Post a commentBy RJ Whitehead , 02-Sep-2014

Rat study finds how memories of junk food can change eating behaviour

A diet of junk food not only makes rats fat, but also reduces their drive to seek a balanced diet, according to researchers in Sydney.

The study by a University of New South Wales team, published in Frontiers in Psychology, has helped to explain how the excessive consumption of junk food can change behaviour, weaken self-control and lead to overeating and obesity.

Led by Professor Margaret Morris, the team taught young male rats to associate two different sound cues with two particular flavours of sugar water—cherry and grape. 

Dramatic behavioural change

Rats that had been raised on a healthy diet soon stopped responding to the cues linked to a flavour they had overindulged in. This inborn mechanism, widespread in animals, protects against overeating and promotes a healthy, balanced diet.

But after two weeks on a diet that included daily access to cafeteria foods, including pies, dumplings, cookies and cake, the rats’ weight increased by 10% and their behaviour changed dramatically. 

They became indifferent in their food choices and no longer avoided the sound advertising the overfamiliar taste, indicating they had lost their natural preference for novelty, explained Prof Morris. The change lasted for some time after the rats returned to a healthy diet.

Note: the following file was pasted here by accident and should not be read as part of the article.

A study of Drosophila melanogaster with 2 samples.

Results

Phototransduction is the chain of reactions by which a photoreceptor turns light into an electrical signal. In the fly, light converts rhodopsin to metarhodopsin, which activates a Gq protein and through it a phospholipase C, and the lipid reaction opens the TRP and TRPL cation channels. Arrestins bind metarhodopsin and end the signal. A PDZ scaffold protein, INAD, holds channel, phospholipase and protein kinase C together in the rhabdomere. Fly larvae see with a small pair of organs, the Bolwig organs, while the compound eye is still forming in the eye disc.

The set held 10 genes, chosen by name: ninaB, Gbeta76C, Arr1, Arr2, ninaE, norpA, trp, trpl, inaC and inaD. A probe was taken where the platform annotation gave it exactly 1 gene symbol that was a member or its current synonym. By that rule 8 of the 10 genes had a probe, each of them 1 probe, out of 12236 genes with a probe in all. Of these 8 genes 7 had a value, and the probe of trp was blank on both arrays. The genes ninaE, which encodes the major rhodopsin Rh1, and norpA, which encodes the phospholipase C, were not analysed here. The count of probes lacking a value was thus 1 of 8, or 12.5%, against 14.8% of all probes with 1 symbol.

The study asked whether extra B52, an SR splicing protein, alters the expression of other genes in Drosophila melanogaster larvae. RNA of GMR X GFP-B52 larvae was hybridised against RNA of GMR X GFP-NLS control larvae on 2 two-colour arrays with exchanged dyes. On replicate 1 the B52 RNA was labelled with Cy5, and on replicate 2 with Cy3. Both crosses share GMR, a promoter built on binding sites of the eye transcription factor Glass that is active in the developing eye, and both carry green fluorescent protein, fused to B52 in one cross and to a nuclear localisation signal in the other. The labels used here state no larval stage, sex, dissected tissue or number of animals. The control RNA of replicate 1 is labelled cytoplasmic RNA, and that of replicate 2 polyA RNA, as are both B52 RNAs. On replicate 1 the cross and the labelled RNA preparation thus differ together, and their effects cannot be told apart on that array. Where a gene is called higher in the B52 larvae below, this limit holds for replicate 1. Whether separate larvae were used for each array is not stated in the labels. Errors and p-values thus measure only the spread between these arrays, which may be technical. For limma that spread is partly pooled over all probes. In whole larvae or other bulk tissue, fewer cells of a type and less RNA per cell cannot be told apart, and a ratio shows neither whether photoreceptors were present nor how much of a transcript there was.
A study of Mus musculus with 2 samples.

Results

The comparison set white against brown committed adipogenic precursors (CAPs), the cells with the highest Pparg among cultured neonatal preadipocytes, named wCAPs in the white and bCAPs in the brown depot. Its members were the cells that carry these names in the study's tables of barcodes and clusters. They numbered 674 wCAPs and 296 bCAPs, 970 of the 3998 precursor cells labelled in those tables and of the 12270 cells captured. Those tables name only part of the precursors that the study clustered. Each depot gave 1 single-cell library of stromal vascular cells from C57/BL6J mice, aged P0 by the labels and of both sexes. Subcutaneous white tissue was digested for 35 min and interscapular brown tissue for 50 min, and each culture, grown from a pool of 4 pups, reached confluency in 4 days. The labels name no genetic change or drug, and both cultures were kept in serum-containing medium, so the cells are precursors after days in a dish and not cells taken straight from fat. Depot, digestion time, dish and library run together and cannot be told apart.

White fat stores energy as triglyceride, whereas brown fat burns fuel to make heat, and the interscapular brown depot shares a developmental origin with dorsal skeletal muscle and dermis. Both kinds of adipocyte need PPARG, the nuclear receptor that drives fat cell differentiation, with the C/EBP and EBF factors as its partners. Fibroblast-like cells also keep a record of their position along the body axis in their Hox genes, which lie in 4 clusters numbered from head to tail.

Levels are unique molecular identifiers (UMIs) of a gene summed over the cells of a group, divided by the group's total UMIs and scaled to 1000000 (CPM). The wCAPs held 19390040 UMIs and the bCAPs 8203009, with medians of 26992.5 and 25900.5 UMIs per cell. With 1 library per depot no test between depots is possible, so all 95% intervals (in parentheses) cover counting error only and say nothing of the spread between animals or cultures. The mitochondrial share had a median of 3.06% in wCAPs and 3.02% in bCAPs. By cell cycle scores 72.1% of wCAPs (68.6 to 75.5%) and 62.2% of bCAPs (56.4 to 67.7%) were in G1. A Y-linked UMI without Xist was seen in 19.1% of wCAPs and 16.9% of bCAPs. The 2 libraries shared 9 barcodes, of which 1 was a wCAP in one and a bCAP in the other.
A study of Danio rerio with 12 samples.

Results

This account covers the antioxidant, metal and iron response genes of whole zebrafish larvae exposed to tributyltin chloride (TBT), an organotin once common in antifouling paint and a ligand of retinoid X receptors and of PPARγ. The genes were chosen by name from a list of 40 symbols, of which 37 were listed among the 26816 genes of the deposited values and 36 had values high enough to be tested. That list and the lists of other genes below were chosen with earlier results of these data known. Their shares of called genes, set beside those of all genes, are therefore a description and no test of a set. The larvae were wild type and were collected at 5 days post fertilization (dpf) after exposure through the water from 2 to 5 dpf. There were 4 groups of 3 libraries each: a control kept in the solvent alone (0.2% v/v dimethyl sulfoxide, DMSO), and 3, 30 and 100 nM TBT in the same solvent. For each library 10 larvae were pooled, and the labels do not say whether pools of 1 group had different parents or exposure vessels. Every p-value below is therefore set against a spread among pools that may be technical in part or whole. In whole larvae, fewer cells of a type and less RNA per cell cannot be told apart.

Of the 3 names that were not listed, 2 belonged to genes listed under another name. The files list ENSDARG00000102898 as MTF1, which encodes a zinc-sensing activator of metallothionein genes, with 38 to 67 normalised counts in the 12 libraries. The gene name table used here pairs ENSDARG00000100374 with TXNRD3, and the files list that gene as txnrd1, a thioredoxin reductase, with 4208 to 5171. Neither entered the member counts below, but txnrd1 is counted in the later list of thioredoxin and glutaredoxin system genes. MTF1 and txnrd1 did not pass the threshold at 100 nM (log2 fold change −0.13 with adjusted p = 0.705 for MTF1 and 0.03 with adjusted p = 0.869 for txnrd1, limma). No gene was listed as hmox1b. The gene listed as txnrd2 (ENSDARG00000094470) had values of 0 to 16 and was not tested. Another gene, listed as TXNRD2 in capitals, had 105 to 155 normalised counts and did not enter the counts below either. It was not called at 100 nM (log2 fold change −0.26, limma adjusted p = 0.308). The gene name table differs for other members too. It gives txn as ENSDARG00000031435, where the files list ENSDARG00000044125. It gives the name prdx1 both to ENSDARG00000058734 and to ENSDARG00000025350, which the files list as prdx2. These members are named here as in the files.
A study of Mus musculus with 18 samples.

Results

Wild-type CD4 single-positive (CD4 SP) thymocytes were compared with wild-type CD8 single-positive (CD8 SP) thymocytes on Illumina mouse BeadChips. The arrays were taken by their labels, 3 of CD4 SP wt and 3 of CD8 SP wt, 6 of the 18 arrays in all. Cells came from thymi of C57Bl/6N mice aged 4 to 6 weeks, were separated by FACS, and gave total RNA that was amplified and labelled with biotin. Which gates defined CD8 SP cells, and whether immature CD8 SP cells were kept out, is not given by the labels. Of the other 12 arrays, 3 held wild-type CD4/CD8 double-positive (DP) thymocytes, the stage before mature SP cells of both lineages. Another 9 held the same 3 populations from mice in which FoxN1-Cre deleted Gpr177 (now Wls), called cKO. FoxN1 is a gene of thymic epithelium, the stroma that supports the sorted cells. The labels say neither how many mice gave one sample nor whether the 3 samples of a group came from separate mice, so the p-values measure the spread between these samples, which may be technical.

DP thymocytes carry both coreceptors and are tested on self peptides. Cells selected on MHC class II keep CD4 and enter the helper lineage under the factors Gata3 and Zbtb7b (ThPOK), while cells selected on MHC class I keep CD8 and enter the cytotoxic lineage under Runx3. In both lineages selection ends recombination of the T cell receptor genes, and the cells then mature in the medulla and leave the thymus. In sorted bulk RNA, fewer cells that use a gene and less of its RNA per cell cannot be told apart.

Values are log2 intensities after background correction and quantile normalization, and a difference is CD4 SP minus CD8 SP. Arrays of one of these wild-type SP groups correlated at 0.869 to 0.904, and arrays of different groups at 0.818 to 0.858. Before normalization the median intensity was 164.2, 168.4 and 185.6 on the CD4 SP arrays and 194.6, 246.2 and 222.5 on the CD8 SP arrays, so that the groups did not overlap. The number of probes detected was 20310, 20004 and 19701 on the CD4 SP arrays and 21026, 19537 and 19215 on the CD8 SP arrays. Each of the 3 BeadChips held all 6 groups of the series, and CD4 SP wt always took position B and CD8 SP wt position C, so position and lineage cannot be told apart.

We think that a junk diet causes lasting changes to the reward circuit parts of the rats’ brains—for example, the orbitofrontal cortex, an area responsible for decision-making,” she said. 

Because the brain’s reward circuitry is similar in all mammals, this could have implications for people’s ability to limit their intake of certain kinds of foods.

If the same thing happened in humans, eating junk food could change our responses to signals associated with food rewards. It’s like you’ve just had ice cream for lunch, yet you still go and eat more when you hear the ice cream van coming by.

Real-world concerns

Dr Amy Reichelt, the first author of the paper, added: “As the global obesity epidemic intensifies, advertisements may have a greater effect on people who are overweight and make purchases of snacks like chocolate bars harder to resist.

In a world surrounded with advertising for sugar and fat-rich foods and drinks, these images may have a greater effect on people who are overweight, making impulse purchases of snacks like chocolate bars harder to resist.” 

Being overweight or obese is a major risk factors for chronic diseases including diabetes, cardiovascular diseases and cancer. The World Health Organisation estimates that over 10% of the world’s adult population is obese, and at least 2.8m people die each year as a result of weight issues.